STARKVILLE, Miss. — It’s taken just five years for John Cohen to revitalize Mississippi State’s baseball program and return the Bulldogs to championship contention.
The journey hasn’t been easy. But a remade roster constructed with Cohen’s ideals of hustle, intensity and just enough talent have led the Bulldogs to the College World Series for the first time since 2007. It’s only their second trip since 1998.
This group of blue-collar Bulldogs also has a healthy sense of humor.
“We’re just 27 dumb guys,” Mississippi State pitcher Luis Pollorena said. “But once you put us all together, you won’t beat us.”
Mississippi State (48-18) will face No. 3 national seed Oregon State (50-11) in Omaha, Neb., on Saturday.
The Bulldogs do have one legitimate superstar. Junior outfielder Hunter Renfroe — who was the 13th overall pick by the San Diego Padres last week — leads the offense with a .360 batting average, 15 homers and 61 RBIs.
But the rest of the roster has been filled with interchangeable heroes. The most recent is senior left-hander Chad Girodo, who has struck out 24 batters in 13 innings during the postseason.
“Everybody kind of fits into this thing, and you’ve got a nice mix,” Cohen said. “It’s like any recipe — it involves a lot of different ingredients.”
Cohen was an outfielder for Mississippi State during the program’s glory years, when the Bulldogs went to Omaha three times in 10 seasons, including his senior season in 1990. He was brought back to his alma mater before the 2009 season, charged with rebuilding a program that had turned mediocre.
But he looked like a bad fit in Starkville for the first two years, especially during the awful 2010 season that included a 6-24 record in the Southeastern Conference.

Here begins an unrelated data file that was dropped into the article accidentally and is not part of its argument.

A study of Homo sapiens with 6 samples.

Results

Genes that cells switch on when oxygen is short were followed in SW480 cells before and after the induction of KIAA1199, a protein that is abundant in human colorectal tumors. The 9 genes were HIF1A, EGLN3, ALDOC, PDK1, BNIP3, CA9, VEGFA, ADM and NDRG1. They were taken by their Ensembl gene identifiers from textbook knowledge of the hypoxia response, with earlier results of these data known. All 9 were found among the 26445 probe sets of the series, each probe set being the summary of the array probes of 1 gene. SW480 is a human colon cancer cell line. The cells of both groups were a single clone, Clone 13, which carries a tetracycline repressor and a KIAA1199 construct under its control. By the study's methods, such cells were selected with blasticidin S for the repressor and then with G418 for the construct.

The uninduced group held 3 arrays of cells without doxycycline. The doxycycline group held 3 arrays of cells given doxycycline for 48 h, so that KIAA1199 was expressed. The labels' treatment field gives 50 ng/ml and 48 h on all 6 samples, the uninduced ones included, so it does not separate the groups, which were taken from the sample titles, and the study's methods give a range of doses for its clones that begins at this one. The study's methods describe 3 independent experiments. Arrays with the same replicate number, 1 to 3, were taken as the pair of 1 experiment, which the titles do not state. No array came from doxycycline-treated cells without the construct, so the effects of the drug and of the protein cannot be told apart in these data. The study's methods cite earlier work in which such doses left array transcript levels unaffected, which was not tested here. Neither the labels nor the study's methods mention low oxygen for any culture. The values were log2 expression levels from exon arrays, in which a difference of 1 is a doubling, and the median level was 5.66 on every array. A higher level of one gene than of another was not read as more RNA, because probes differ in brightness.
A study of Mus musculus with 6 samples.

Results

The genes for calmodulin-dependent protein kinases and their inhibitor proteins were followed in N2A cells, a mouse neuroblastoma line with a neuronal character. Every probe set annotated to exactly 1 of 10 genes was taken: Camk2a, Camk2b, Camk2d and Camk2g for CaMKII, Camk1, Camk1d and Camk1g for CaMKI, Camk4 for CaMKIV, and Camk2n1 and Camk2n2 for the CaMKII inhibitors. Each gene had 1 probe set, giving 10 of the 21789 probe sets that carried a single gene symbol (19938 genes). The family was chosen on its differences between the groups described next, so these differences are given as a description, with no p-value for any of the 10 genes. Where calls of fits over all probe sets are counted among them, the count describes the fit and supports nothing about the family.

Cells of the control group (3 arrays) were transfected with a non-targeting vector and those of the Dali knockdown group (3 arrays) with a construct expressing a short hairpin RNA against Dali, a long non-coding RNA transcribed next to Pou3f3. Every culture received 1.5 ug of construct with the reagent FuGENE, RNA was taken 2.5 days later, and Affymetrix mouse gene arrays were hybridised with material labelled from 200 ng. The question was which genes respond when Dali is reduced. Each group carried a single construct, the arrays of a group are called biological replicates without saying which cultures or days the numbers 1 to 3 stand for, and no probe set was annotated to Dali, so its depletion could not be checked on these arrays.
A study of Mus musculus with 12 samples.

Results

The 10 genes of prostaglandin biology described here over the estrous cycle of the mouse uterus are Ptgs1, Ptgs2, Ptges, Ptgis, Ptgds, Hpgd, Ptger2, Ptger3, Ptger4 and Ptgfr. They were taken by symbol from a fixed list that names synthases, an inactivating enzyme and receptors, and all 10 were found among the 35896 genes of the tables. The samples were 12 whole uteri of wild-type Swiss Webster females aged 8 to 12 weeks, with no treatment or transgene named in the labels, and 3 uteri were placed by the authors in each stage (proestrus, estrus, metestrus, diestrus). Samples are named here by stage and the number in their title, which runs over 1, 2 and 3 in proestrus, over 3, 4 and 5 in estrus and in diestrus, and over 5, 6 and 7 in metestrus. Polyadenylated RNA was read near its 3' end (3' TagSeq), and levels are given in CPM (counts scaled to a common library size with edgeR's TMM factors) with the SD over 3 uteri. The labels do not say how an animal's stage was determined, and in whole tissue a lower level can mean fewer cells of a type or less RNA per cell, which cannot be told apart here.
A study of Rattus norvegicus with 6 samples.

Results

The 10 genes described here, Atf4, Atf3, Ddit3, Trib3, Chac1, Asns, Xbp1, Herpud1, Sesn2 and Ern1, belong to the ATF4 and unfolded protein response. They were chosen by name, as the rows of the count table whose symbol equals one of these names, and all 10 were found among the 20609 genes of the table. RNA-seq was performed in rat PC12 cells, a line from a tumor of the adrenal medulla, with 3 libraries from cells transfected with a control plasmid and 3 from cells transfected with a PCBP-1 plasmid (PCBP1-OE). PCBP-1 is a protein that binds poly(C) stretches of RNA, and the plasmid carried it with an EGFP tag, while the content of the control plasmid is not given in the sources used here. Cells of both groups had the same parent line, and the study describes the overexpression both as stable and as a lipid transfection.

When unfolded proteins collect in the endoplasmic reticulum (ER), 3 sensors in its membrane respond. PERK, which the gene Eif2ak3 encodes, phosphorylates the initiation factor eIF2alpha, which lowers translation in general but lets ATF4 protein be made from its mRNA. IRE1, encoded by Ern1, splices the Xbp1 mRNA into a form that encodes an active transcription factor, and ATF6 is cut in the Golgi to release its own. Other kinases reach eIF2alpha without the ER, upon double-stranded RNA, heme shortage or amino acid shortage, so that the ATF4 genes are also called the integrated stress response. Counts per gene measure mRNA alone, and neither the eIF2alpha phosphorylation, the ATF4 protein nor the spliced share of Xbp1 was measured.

But a young group of players — including Girodo — believed in Cohen’s approach and helped the program grow.
The Bulldogs made a surprise run to the NCAA tournament’s super regional round in 2011 (they lost to Florida), then won the SEC tournament in 2012. A veteran team returned this spring, started the season on a 17-game winning streak and hasn’t slowed down much since.
“If anyone watches what we do on a daily basis, you would understand that we’ve put in the work and the time,” Girodo said. “We’ve worked so hard on what we do and we’re finally getting rewarded for it. It’s so awesome.”
Cohen said it’s gratifying to watch players like Girodo — who threw just 7.2 innings last season — mature into quality players.
“There’s a bond that forms; there’s no doubt about it,” Cohen said. “Those bonds will last forever and ever and ever.”
As Mississippi State’s roster has changed, so has Cohen. The 42-year-old is known for his aggressive personality, but there hasn’t been much yelling lately.
The 48 wins have helped ease his blood pressure, but so has a group of players that he recruited and now trusts.
“The batter’s box doesn’t have enough room for two people in it,” Cohen said. “The mound doesn’t have enough room for two people on it. Eventually, they’ve got to do it on their own.”
Mississippi State first baseman Wes Rea said Cohen’s fiery reputation is well deserved, but also a bit exaggerated. Rea said Cohen gives the team captains a lot of input on decisions.
An example: Cohen relaxed the team’s no-facial-hair rule after pitcher Trevor Fitts put together a full PowerPoint presentation that included successful players who sported a scruffy face.
“If you come to him with an idea and have evidence to back it up, he’ll listen,” Rea said with a grin. “That’s one reason he’s so good.”
Mississippi State might pride itself on a loose attitude, but they’ve been quite efficient when the games come. The Bulldogs have won 12 of their last 15, including an impressive two-game sweep over Virginia in the super regional round to advance to Omaha.
Now Mississippi State will try to win its first national championship in baseball. This is the Bulldogs’ ninth trip to Omaha, but they’ve never finished higher than third.
“The only thing we haven’t done is win a national championship,” Cohen said. “I think that’s great motivation for our players.”